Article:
Miracles of Rain, 600 Meters Above the Sea of Galilee, Part 2 by Malik Kirat
When returning home afterward I had Dylan’s verse going on and on. Even out of the context of the song it fitted so true for the kind of our country life. You judge the direction and the strength of the wind by the Israeli flag in the front yard. The puddles on the garden path should show was the night rainy or not. Almond trees bloom predicts the warmer part of the winter is here and the Sea Squills blooming mostly mean the summer is going to turn into the autumn. If it is still midwinter and the sprinkles out in the fields are on open, then we hadn’t seen much rain. What are the signs predicting rains to come?
Rain and water are indeed very sensitive issues for any Israeli. Lately, the overall climate changes are causing endless headlines and campaigns for preparing for the next drought to come. Spring, Summer, and autumn could be very dry. Winter could be almost without rain or with rains coming in a very few short strong waves, with water draining too quickly and not to the places we could preserve or use it. Israel in all its agricultural glory is still a very much desert country, with water resources depending entirely on the ”Heavens above”. No truly large river is feeding our Holy Land. So if the Sukkot Holidays won’t bring a traditionally awaited rain, soon enough every conversation will have a part about ”Geshem”, ”Rain” a much desirable by all.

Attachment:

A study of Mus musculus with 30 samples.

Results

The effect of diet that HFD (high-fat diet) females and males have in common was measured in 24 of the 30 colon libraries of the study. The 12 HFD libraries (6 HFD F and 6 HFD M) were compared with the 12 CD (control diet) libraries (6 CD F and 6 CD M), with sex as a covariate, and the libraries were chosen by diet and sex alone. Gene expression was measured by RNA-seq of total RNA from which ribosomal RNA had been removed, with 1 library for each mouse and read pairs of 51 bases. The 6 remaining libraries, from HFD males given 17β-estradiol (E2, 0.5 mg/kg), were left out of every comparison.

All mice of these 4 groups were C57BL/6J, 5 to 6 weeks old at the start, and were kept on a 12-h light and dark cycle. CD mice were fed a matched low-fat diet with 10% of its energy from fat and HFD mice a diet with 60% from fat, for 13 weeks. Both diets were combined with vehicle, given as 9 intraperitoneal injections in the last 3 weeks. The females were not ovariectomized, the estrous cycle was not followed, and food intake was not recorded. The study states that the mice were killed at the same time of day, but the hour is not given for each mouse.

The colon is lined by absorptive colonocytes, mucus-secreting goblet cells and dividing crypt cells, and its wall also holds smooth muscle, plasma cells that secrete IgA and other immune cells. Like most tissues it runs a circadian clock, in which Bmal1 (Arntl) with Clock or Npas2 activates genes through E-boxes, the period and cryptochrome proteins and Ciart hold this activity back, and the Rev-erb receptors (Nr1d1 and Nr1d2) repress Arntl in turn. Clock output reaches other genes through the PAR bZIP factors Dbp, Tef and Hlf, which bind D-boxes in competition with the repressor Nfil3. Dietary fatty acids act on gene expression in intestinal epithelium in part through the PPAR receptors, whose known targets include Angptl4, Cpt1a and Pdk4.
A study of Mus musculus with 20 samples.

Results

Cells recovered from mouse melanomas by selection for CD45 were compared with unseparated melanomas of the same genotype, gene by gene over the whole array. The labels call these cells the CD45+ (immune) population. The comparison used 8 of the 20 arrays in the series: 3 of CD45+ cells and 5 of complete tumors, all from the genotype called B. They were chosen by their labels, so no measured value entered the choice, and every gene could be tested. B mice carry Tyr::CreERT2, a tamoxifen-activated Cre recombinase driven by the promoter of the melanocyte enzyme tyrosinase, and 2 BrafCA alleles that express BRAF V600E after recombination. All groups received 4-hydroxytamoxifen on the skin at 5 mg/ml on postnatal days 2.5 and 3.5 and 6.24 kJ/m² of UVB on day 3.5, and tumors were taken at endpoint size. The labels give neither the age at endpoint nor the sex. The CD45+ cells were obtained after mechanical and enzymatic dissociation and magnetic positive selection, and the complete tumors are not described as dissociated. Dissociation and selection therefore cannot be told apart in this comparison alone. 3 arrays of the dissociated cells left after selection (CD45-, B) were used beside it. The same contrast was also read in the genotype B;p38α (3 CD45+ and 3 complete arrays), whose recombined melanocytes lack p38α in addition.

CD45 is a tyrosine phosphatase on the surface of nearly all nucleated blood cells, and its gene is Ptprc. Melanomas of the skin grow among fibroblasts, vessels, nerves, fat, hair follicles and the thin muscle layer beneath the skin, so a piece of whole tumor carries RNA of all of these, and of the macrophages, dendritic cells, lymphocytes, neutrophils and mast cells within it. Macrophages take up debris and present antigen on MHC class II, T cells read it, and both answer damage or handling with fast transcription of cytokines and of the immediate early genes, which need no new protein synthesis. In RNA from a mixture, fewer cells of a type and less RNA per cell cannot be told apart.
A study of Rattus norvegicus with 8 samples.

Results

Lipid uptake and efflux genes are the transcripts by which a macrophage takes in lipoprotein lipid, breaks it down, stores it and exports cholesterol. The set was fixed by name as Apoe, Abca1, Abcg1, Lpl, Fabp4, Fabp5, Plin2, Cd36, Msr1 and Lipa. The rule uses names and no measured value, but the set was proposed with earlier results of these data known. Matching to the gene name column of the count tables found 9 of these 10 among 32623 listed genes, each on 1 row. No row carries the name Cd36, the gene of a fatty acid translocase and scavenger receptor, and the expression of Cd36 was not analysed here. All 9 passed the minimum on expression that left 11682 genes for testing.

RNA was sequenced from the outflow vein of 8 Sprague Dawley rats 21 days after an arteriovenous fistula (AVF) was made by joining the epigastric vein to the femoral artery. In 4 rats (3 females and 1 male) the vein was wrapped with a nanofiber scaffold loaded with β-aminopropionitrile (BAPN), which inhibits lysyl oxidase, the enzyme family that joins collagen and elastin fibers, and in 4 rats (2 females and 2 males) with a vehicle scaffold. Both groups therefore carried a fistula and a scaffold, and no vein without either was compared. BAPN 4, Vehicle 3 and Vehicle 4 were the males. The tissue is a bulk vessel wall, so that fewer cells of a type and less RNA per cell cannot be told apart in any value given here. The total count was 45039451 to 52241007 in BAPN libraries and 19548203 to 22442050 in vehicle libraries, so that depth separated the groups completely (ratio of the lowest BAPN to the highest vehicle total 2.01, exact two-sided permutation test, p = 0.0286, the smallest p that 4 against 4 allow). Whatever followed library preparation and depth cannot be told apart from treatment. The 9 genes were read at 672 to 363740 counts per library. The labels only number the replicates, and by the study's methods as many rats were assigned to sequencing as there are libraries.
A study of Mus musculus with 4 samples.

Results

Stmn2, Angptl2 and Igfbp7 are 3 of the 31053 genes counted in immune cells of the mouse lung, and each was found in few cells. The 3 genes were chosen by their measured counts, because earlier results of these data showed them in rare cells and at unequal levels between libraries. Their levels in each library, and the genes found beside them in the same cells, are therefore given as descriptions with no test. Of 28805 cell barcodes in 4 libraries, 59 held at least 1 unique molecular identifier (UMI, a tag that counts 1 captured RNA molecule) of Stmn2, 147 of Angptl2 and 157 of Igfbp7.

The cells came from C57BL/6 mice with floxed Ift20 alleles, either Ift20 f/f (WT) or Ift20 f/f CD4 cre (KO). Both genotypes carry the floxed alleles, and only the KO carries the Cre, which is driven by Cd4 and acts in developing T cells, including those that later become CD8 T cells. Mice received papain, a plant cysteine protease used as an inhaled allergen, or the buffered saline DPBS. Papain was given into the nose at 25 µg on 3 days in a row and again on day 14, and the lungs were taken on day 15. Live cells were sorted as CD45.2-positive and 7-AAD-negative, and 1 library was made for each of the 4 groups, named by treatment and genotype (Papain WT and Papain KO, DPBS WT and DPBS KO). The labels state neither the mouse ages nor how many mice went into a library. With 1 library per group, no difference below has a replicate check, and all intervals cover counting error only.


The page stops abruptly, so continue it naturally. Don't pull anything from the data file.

And then it would be everywhere – why the rain isn’t coming yet, already we’re in November. Some will pray for it separately and in large assemblies, some will grimly predict a drought coming and criticize the yesterday’s ”parody” or ”the game in raining”. Some will praise the desalination of the sea water method. Some will criticize the agreement on supplying a large quantity of water to Jordan. Some will rely on the ”Hakol Ihiye Beseder” – a Hebrew traditional “Everything will be Alright ”.